Wednesday, August 21, 2013
Reading to Cava
While we were riding in the car to the store, it came out that I used to read to Benjamin when he was little. Cava wanted to know more, so I told him about how I would read one to two chapters of a book each night to Benjamin before he went to sleep.
"You read for me?" he asked.
"I'd love to," I replied because I have deeply missed reading to Benjamin.
When I got home, I began to ponder which book should I begin with? Peter Pan? Stuart Little? Both are two books I loved as a kid, but worried that Cava, who loved the movies, wouldn't like the fact that neither of these were like the movies adapted from them (the former being much better than the latter, as I couldn't stand the film version of Stuart Little).
As I was scanning our bookshelves, I saw the book that I knew I wanted to begin my readings to Cava with: Charlotte's Web. This was one of my favorite books as a child and, knowing how much Cava loves animals, knew that he would respond to Fern's love for Wilbur. I also wondered if he would indentify with Wilbur, being small himself.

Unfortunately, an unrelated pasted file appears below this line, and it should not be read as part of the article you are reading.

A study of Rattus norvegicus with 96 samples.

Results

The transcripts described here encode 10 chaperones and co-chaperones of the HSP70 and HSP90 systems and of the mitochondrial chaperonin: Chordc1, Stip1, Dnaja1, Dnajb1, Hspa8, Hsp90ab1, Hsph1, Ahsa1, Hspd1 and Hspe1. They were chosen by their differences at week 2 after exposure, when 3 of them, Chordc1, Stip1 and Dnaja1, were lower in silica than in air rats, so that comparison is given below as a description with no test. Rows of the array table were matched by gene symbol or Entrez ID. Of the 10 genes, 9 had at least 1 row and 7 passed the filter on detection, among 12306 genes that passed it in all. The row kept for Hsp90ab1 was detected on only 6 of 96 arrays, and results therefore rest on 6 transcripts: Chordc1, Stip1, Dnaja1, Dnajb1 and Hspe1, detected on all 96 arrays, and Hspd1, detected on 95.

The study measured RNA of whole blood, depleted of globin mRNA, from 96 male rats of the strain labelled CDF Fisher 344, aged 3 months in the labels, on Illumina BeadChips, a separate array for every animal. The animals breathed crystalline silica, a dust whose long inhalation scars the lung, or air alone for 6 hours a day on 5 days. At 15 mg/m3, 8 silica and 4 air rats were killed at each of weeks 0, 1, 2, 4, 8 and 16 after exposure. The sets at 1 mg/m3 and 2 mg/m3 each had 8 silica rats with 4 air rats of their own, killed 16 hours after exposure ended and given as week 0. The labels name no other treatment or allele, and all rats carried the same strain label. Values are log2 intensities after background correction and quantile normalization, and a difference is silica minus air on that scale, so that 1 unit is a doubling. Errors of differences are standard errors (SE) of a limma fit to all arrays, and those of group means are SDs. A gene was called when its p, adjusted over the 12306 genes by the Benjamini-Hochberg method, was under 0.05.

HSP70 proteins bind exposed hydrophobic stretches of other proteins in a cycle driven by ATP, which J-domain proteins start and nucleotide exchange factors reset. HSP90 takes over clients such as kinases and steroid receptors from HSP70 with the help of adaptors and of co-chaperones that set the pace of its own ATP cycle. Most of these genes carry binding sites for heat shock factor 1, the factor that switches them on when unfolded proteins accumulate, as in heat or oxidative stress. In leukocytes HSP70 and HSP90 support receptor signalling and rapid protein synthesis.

So I sat down on Cava's bed, while he worked on his latest puzzle, and I began to read. When I'd finished the first chapter and stopped. Was he even listening to me? The answer came with, "Please read some more."
And I did.
I read the second chapter. By the end of it, when Fern has to sell Wilbur to her Uncle Homer, Cava was saddened that she had to do this and he wanted to know what would happen next. When I asked him what he thought would happen next, he replied, "How do I know? I never read this book before." He still has a hard time imagining. I think that's one of the reasons he loves puzzles so much is that he has a picture to go by when he's putting it together.
"We'll find out tomorrow," I told him and put the book back on the shelf.
"I don't know why I don't know this book," he said, puzzled.
"You like it?"
"I love this book. It's good. Thank you, Papa, for reading it to me."
I look forward to returning to this beloved book with him and seeing how he responds to this beautiful and moving story. I know that when I was young, I cried over the death of Charlotte, which is ironic since I can't stand spiders now. But it also provided an opportunity for my Mom to talk with me about death. Unlike the Disney films I'd grown up on, in this story, Charlotte is dead and, unlike characters like Baloo, she remained so. That's the great thing about literature: it not only opens up the reader's eyes to the world around them, but it can also open their hearts. I hope this book does the same for Cava.